Heaven can wait this is paradise
By Ruud Koornstra, entrepreneur in sustainability and partner of Tendris
One of the most exciting periods in our history was the Golden Age a time when the young Republic of the United Netherlands was booming at an unprecedented, and since then unparalleled, rate. This affluence was gained in part by less-than-respectable means war, slavery, piracy and land grabbing but the country flourished nonetheless. Foreign countries praised the orderliness of our beautiful cities, the religious and intellectual tolerance, our establishment of orphanages and hospitals and the low incidence of crime. Art, science and philosophy were remarkable. The Netherlands was a hot spot for innovation and ingenuity, for special talent and entrepreneurship. The Netherlands has become what it is today thanks in part to its Golden Age. I see a direct link to my good fortune today, many centuries later. I am privileged to spend my summer holidays in the sunniest municipality of the Netherlands Bonaire, more than 7000 kilometres from the Dutch coast.
Bonaire can become a textbook example of sustainability
On this beautiful island of less than 300 km2 (almost three times the size of the Dutch island Terschelling) with just about 13,000 inhabitants, friendly people treat their environment with care. Local and Dutch organizations, such as the National Postal Code Lottery and the WWF, have worked together with the Bonaireans on the development of this Caribbean island. On 10 October 2010 Bonaire, Saba and St Eustatius became special municipalities of the Netherlands. And Bonaire is indeed special.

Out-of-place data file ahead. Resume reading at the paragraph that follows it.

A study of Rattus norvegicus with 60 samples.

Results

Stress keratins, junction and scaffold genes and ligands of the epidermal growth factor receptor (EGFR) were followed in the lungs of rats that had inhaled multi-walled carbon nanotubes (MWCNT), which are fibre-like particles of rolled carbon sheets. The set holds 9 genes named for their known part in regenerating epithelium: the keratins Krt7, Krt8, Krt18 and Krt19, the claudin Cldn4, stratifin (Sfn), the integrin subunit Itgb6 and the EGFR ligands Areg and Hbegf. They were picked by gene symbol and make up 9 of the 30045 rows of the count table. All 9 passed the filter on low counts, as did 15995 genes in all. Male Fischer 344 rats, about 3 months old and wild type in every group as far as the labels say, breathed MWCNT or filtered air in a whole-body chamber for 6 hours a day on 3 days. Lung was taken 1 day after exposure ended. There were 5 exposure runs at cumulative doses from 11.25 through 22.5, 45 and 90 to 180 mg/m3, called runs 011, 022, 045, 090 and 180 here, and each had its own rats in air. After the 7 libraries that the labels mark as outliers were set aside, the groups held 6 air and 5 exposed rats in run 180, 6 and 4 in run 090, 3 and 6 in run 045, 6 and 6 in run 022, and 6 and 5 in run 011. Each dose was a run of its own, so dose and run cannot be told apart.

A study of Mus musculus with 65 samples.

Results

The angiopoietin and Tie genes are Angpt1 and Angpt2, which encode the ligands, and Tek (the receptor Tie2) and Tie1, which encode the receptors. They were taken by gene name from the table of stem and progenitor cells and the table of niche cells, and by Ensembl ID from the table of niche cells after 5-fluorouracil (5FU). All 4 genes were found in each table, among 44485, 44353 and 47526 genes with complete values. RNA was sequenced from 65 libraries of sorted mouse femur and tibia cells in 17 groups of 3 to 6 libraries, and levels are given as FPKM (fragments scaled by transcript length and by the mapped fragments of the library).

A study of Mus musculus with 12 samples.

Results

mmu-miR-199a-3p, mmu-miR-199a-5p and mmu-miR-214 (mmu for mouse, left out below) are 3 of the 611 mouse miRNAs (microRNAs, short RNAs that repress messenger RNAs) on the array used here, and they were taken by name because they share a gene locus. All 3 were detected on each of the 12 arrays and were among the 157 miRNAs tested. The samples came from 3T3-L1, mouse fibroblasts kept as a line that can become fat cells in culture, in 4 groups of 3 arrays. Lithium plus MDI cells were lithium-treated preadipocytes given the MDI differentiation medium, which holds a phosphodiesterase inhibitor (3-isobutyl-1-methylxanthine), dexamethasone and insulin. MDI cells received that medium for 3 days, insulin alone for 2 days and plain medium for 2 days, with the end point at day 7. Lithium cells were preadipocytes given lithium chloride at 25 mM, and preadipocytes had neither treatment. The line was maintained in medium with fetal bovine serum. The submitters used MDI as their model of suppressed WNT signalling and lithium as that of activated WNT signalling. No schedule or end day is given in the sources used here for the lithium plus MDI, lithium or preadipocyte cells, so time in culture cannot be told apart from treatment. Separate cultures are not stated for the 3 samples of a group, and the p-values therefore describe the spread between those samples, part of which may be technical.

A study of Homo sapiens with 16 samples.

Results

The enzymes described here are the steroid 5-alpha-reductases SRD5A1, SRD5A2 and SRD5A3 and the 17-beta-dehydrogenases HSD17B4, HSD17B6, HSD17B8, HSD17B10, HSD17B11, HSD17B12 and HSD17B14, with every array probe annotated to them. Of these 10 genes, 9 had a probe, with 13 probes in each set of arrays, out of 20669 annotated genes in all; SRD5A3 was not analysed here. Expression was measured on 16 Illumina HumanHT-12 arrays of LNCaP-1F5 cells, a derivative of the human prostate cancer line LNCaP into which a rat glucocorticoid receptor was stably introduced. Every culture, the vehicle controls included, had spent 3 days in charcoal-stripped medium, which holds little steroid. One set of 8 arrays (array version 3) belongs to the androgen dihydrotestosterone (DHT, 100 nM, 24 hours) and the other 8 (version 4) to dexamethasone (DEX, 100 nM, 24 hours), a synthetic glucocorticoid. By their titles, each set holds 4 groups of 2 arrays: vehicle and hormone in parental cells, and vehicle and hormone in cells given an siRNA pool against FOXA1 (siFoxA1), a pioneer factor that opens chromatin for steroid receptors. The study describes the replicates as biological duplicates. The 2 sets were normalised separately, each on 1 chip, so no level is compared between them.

The island can become a textbook example in the world of sustainability. Much remains to be done, but the arrival last year of a container ship in the port of Kralendijk marked the beginning of a new era with respect to the island's energy supply. I watched as twelve wind turbines in various pieces were loaded onto the dock. And last month I was there to witness the inauguration of this new energy production project, consisting of 13 wind turbines and a diesel (eventually biodiesel) plant. In combination with perfect local management, this plant will produce Bonaire's entire supply of electricity. The plant started with a sustainability of 45 percent. Once it switches over to biodiesel, its sustainability will be 100 percent.
This means Bonaire is the first Caribbean island to use only sustainable electricity. It is also the first time in history that this combination of sustainable energy technologies is being applied on such a large scale. With the inauguration of this installation, Bonaire has come one giant step closer to achieving its dream of becoming the first place on earth to be entirely independent of fossil fuels. The next steps are to make all cars electric, step up decentralized production of solar energy, work on energy efficiency and process waste into usable products. These sustainable developments will be realized, and they will lead to more jobs, a higher standard of living and more enjoyment for the island.
My line of work is sustainability. For nine years, as an entrepreneur using our simple approach. I have been demonstrating that you can spark revolutions with sustainability as a connecting force. The struggle for "freedom" was a motivating factor behind the revolt that marked the start of the Golden Age. The Republic became a hot spot for technological power, fuelled by inventions such as street lighting, windmills, locks, and industrial renewal in energy and production. Such hot spots have a special, almost magical, influence on fundamental or paradigm-altering events. The Netherlands is still the market leader in technological renewal with Bonaire we can demonstrate that it really works. I am convinced that Bonaire can become a magical hot spot of renewal in the global quest for energy freedom, or in other words: Power to the People.